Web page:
Slow Site

A Need for Speed: How I sped up my WordPress Admin and WordPress (.org) Blog

To prep for my 30 Day Blogging Challenge (#30dc), I started to give my old blog a make over. This included upgrading WordPress, my theme … and re-tagging, re-categorizing and setting featured images for all of my old posts. That was the task I was dutifully toiling away on tonight when it started taking far longer than I’d anticipated. And not because my estimate was off, but because my site’s WordPress Admin pages were taking FOREVER to load which meant long waits between every update I needed to make.

So I set out to optimize my site for speed and decided to share that as today’s #30dc post.

First, a bit about my environment:

  • Basic GS hosting account on MediaTemple.
  • A free Cloud Flare account that I really know very little about. I clicked through a promotion one time a long time ago when I was in my Media Temple control panel.
  • WordPress 3.5.2 with wp-cache plugin active.

To start with the problem of performance on the admin side, I read somewhere that the primary culprits for slowness are plugins and themes. So I went to Plugins > Active Plugins to see the full list of plugins active. I then de-activated all of my plugins via the database. In a new browser window, I loaded my admin and browsed a bit. The interactions felt faster, though not quite as zippy as I would have liked. I then went to Plugins in this new window and went through activating each of my previously active plugins taking the time to browse a bit in-between to gauge whether or not I felt that plugin was the cause of tardiness.

NOTE: I wouldn’t typically do this in production for any client site, nor would I recommend it. However, I wasn’t worried about the random, midnight visitor seeing something ‘funky’ so proceeded to test as if I were on a development or staging or otherwise private version of the site.

While this was highly unscientific, I decided not to re-active a few plugins including Feed Statistics. This was the first one that brought my admin to a crawl when it was activated. Since I wasn’t using it anyway, I recorded the few stats I had and killed it. In addition to the perceived performance gain on the admin side, I knew that my feed URLs were my most frequented URLs so I figured this could reduce the load on my server in general. From there I chose not to reactivate plugins I knew I was no longer using anyway.

Since the public portion of the site can be accessed without a login, I proceeded to benchmark my site’s current performance at Pingdom.

  • Performance Grade: 87/100
    • Leverage Browser Caching – 15/100
    • Remove query strings from static resources – 90/100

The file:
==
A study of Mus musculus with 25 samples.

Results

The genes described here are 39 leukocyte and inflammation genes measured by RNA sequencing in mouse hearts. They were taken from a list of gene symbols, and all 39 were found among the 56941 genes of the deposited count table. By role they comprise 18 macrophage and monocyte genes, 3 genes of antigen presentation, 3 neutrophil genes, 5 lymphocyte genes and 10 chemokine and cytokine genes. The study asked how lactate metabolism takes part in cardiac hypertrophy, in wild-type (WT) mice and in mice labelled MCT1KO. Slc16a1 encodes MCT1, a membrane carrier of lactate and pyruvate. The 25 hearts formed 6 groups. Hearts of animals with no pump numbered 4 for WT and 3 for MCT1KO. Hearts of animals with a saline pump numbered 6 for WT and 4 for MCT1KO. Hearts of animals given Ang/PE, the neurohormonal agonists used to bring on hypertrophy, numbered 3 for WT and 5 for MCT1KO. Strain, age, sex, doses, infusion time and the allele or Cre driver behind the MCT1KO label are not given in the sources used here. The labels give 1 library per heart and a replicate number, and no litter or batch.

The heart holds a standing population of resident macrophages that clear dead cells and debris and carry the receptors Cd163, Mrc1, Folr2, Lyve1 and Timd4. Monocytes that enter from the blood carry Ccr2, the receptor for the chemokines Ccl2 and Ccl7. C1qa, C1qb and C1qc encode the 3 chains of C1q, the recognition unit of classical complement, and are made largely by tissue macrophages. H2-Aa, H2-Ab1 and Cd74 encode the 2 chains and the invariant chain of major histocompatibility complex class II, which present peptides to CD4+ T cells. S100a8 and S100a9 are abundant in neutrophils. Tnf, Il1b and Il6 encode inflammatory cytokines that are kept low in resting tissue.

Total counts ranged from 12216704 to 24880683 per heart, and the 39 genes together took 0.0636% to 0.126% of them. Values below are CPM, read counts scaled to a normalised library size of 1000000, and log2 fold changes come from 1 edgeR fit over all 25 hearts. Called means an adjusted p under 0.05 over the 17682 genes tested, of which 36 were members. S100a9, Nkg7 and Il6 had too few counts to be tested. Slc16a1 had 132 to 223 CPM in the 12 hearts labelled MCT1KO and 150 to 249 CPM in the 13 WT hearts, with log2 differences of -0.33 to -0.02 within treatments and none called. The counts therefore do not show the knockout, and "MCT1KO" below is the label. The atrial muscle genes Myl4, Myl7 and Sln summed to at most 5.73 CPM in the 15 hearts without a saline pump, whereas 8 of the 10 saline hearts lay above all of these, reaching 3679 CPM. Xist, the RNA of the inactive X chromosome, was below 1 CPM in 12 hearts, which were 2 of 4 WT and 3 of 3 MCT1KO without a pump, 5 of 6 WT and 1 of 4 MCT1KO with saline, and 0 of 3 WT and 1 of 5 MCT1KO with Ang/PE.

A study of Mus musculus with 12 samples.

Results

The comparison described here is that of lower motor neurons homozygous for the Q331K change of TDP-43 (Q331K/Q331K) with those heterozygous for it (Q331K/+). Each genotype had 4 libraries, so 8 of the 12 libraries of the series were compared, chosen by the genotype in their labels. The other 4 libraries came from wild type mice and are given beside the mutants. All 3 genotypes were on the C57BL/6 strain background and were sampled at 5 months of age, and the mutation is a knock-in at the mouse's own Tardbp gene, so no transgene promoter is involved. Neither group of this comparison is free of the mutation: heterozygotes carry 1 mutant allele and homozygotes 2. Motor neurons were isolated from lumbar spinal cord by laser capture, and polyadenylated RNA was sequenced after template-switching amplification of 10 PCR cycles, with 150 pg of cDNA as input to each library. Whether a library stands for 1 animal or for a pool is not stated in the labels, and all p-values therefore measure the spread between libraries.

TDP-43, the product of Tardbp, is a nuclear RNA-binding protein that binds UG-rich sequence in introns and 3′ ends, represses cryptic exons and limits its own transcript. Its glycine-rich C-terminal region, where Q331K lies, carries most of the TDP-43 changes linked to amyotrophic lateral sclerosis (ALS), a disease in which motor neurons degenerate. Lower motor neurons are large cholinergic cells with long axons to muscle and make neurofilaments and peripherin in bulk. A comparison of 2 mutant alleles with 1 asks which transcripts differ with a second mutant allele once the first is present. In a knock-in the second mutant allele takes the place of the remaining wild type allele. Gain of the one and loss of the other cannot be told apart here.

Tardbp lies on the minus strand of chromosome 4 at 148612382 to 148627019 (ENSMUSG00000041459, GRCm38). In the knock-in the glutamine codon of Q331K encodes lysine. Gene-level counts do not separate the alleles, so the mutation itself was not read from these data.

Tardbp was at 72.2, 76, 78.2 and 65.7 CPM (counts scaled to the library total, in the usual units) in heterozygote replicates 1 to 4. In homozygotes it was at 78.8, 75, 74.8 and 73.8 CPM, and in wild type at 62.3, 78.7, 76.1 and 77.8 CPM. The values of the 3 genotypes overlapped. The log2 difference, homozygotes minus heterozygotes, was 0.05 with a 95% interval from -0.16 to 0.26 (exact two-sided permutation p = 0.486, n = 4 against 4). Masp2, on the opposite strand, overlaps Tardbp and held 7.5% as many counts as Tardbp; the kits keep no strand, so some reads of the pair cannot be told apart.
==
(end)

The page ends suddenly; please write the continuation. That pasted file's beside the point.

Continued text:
• Specify a Vary: Accept-Encoding header – 96/100
    • Specify a cache validator – 93/100
  • Requests: 64
  • Load Time: 4.79s (from the Netherlands)
  • Page Size: 2.8mb

Yikes. It was as bad as I thought thought, even with wp-cache enabled and running. This got me on the hunt for a better cache plugin where I then landed on W3 Total Cache. I remembered this from my time at Substance, so considered it safe to begin playing with immediately.

Knowing that it can take some trial and error to get the settings right in that they both boost performance and don’t break the site, I proceeded to test each general option out individually. For tonight, I’ve settled on the following:

  • Page – enabled (Disk:Enhanced)
  • Minify – disabled (when it was enabled, my theme could no longer dish up thumbnails and I wasn’t about to dive into troubleshooting that at this hour)
  • Database – disabled
  • Object – enabled (Disk)
  • Browser – enabled
    • All options except “w3 cache header” and “disable cookies for static files” are checked
  • CDN – disabled
  • Reverse Proxy – disabled
  • CloudFlare – enabled
  • Monitoring – disabled (while I’ve heard that NewRelic may now run on MT, I didn’t have the time to go through trying to get this setup again)
  • Miscellaneous – Enabled Google Page Speed dashboard & “verify rewrite rules”
  • Debug – Off

As I poked around to make sure stuff worked, I also ran my site through Pingdom again and again. When I first activated W3 Total Cache – before I had any settings enabled – the performance plummeted. So that showed me that wp-cache was doing some good.

After getting all of these options set, I was still only getting a Performance Grade of 88 and load time > 2s. Pingdom was still recommending that I “Leverage Browser Caching” so I went into my Performance > Browser Cache settings and checked all the boxes I could. When I ran the Pingdom tests this time, I got a B+ if I use my old high school’s grading scale. And while I ‘d like to edge that up even higher over time, I decided tonight wasn’t that time. Sleep is far too exciting!

So for now, I’ve settled on the following report:

  • Performance Grade: 93/100
    • Leverage Browser Caching – 90/100
    • Remove query strings from static resources – 61/100 (down from 90)
    • Specify a cache validator – 95/100
    • Specify a Vary: Accept-Encoding header - 100/100
  • Requests: 61 (down from 64)
  • Load Time: 1.22s from the Netherlands, 1.11s from Dallas
  • Page Size: 2.6mb  (down from 2.8mb)

As for what’s next, I’d like to look into better optimizing my images and consolidating some of the asset requests. (That doesn’t include the rest of the interface and IA changes in the hopper.) I’d love to see it come in under 2mb and load in < 1s. I have a feeling I’ll be racing something in my dreams tonight.

Extra: Today is Day 3 of my 30 day blog challenge. Click ‘Follow’ at the bottom of the page to receive weekly updates in your inbox or follow me on Tumblr if that’s your scene.